Today is the 200th birthday of Charlotte Brontë. Her groundbreaking novel Jane Eyre is a book that I often go back to when I need a little comforting; I am not sure what it is about Brontë’s title character, but Jane has been a part of my life for so long that re-reading it feels like visiting an old friend. I have a tattered copy under my bed that I still reach for at times.
Honestly, it is a bit embarrassing; it feels a little stereotypical for a female librarian to be obsessed with what some would argue is a dated classic. But the truth is that Jane Eyre was groundbreaking in its day for featuring a heroic female lead who took charge of her own fate. It caused quite a stir, and Charlotte even addressed some of her critics in the forward of the second printing. It also helps my pride that my favorite literary classic is beloved by many others and has inspired a number of spin-offs.
One of the most recent spin offs out there is Jane Steele: A Confession by Lyndsay Faye. This re-telling gives us a female lead aptly named Jane Steele, who happens to be a contemporary fan of Brontë’s novel. This new Jane is inspired by the biographical similarities she shares with Jane Eyre (the character) to pen her own autobiographical confession.
You see, Jane Steele faced similar circumstances to Jane Eyre early in her life, but unlike the mousy future-governess sitting in the window seat behind the curtains, Jane Steele faces her enemies head on and becomes a heroic serial killer. Her first murder, that of her older cousin, is truly an accident perpetrated in self defense, but Jane believes that her actions have uncovered her true nature. When she is sent to boarding school her ability to lie and steal keep her safe for a time but can’t save her from the evil intentions of the headmaster. And so it goes for Jane Steele, time and time again she is presented with ill-intentioned people and dire situations common to women of her period, but this Jane is a fighter and meets these challenges head-on.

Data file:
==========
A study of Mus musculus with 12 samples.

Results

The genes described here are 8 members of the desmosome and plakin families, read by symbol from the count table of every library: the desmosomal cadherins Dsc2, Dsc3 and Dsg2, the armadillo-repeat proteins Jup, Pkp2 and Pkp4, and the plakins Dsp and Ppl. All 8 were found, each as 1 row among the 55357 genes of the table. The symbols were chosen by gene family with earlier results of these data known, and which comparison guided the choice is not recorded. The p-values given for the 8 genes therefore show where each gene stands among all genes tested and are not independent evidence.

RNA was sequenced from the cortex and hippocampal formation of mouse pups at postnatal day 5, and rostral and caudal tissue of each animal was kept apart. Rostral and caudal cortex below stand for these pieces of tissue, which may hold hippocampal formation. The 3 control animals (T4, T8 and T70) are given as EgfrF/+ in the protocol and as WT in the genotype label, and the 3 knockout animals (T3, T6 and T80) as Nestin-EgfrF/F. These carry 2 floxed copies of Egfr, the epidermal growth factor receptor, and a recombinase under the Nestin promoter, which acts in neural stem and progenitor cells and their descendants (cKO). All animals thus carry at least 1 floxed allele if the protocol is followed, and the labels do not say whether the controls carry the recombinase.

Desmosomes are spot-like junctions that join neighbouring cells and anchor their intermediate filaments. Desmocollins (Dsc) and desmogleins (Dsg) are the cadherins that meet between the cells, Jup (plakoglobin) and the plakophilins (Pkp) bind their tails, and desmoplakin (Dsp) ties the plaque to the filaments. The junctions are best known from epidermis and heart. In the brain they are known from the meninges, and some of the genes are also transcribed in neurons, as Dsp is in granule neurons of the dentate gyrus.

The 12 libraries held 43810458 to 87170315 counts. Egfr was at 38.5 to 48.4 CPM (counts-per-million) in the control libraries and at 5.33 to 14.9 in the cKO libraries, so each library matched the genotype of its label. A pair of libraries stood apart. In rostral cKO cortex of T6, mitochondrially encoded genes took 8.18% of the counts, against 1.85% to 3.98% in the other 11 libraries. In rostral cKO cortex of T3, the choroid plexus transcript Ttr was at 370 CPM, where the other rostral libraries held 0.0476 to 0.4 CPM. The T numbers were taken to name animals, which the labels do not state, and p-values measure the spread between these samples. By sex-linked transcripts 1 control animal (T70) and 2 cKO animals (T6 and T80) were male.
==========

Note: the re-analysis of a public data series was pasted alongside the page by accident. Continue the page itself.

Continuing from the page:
Despite a climbing body count, Jane Steele isn’t completely at peace with her actions and does believe her immortal soul to be damned, and when she finds herself in the company of people who truly care for her she begins to fear that the truth will destroy her chance at happiness. I began this book excited at the idea of a Jane with an edge, a Jane who stands up for herself. So many times I have wondered what a Jane Eyre unhampered by the conventions of her day would have accomplished, and Jane Steele gives readers a glimpse of what could have been.
Initially, I wasn’t in love with Lyndsay Faye’s writing style; it was a little heavy in my opinion, and I felt like we were taking a great deal of time and descriptive language to get on with it. I found myself skipping several of her more wordy passages, but by the time Jane makes her way to boarding school the pace picked up and I found myself rooting for this new, homicidal Jane just as fervently as I had my old beloved one.
Faye’s new take on the novel also introduced a more globally rich history of Jane Eyre’s world. When Jane Steele arrives at Highgate House, her own personal version of Thornfield Hall, she becomes tangled in the past of Mr. Charles Thornfield. This sardonic, yet gentle, man grew up in India and doesn’t take much stock in the rules of society that seem to dictate the lives of Englishmen. He has surrounded himself with servants from his home country who seem more than dedicated to him and his young charge Sahjara and hires Jane because of the inconsistencies she presents rather than inspite of them.
Of course, all is not as it seems in this household and when an agent of the East India Trading Company makes an unexpected visit he is met with weaponry from almost every member of the immediate household. Jane feels at home for the first time in a long time among this band of warrior misfits and sets out to solve the mystery plaguing her new friends. The story follows the general path set out by Brontë but takes unexpected turns, keeping Jane on her feet. This was an enjoyable take on Jane Eyre, just different enough to feel new, but retaining many of the familiar emotions of the original. If you are a fan of crime drama, dark humor or just an ardent fan of the original Jane, then try this new take. I think you’ll like it.